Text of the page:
For some patients with non-small cell lung cancer (NSCLC) or other solid tumors, such as melanoma or kidney cancer, immune checkpoint inhibition can offer dramatic, life-prolonging benefits. But many patients’ tumors do not respond. And because these therapies come with the risk of life-threatening immune-related adverse events (irAEs), some patients may become exposed to potential harm.

Predictive biomarkers are therefore urgently needed to help identify which patients are most likely to benefit from immunotherapy, and which patients should skip drugs from this class. Although strategies for patient stratification using biomarkers have been under investigation, few currently have real clinical utility.

Tumor expression of programmed death ligand 1 (PD-L1) is currently the only predictive biomarker for immune checkpoint inhibition that has been “somewhat validated,” said Saman Maleki, PhD, adjunct research professor at the department of oncology, Western University, who is also part of the London Regional Cancer Program, Lawson Health Research Institute,  London, Ontario, Canada.


Most candidate immunotherapy biomarkers are more prognostic than treatment-predictive. They are associated with patients’ general prognosis in lung cancer, for example, Dr Maleki said — they identify patients who may be good candidates for treatment in general, rather than predict who may respond to immunotherapy, specifically.

“For a predictive biomarker, you want something that you can say with some certainty: changes in this marker are associated with response to this particular therapy,” he explained.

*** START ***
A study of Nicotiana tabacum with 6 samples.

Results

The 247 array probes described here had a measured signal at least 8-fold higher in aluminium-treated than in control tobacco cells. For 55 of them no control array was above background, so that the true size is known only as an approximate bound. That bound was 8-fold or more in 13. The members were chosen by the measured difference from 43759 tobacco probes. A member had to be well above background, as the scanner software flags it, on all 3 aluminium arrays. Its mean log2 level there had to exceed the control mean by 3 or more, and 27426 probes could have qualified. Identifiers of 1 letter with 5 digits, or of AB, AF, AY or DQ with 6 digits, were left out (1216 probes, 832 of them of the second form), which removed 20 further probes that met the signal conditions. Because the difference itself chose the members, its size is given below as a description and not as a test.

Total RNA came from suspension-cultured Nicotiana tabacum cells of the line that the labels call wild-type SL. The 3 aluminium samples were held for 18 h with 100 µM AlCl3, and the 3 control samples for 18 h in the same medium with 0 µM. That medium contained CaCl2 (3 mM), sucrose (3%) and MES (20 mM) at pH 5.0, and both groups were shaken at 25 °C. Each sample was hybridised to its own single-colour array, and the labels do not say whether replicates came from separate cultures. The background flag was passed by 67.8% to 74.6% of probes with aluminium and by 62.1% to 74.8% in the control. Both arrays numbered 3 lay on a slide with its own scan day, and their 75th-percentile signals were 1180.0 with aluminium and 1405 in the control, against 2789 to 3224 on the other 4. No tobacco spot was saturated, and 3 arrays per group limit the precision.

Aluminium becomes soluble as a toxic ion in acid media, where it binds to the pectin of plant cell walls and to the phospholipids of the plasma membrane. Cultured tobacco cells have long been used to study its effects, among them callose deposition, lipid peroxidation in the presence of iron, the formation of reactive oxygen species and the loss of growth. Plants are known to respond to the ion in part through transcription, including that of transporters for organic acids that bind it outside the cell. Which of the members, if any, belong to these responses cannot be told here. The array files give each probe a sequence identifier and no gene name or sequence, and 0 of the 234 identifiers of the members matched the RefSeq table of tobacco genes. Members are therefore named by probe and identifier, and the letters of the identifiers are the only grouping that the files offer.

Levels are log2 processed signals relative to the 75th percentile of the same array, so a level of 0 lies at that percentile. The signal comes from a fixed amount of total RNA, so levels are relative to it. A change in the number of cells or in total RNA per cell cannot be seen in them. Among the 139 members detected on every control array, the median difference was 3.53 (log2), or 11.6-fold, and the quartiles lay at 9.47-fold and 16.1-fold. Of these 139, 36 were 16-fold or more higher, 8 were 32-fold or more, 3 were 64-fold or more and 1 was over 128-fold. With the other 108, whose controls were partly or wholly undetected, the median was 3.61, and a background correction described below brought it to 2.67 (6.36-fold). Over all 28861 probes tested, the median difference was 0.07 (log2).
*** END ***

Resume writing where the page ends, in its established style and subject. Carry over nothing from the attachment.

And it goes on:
One challenge with optimizing PD-L1’s predictive power has been wide variation in how expression is measured and defined. Different biopsy-sampling strategies, tissue-processing approaches, reagents, and expression-quantification methodologies can all affect test specificities and sensitivities (true-negative and true-positive rates).1-3 Variations in the definitions of and cut-off thresholds for PD-L1 positivity can also confound conclusions.

Tumor heterogeneity has been another concern: tumors represent populations of competing and genetically different cell lines, so PD-L1 expression in one biopsied region of a tumor might not represent the biology of other regions.

But a recent study by researchers in Japan attempts to address that concern and clarify how best to identify tumor PD-L1 expression status.4 Among patients with non-squamous NSCLC, a single tumor biopsy sample containing at least 100 cells is needed to accurately evaluate PD-L1 expression for predicting responses to immunotherapy with nivolumab, they reported in the Journal of Thoracic Oncology.4

“It’s an important paper,” Dr Maleki said. “We know now that the number of cells actually matters for establishing PD-L1 levels and that it [may] correlate with efficacy of treatment later on.”

“When you’re doing a biopsy, you are only looking at 1 region of the tumor and it might not be representative of the entire tumor,” he said. “This is an important study that shows that if you have the right number of cells, you don’t need to do multiple biopsies to determine PD-L1 expression.”

For oncologists practicing in community settings where multiple biopsies might be impractical, that’s important information, Dr Maleki said. “Done right, 1 biopsy can give you the needed information.”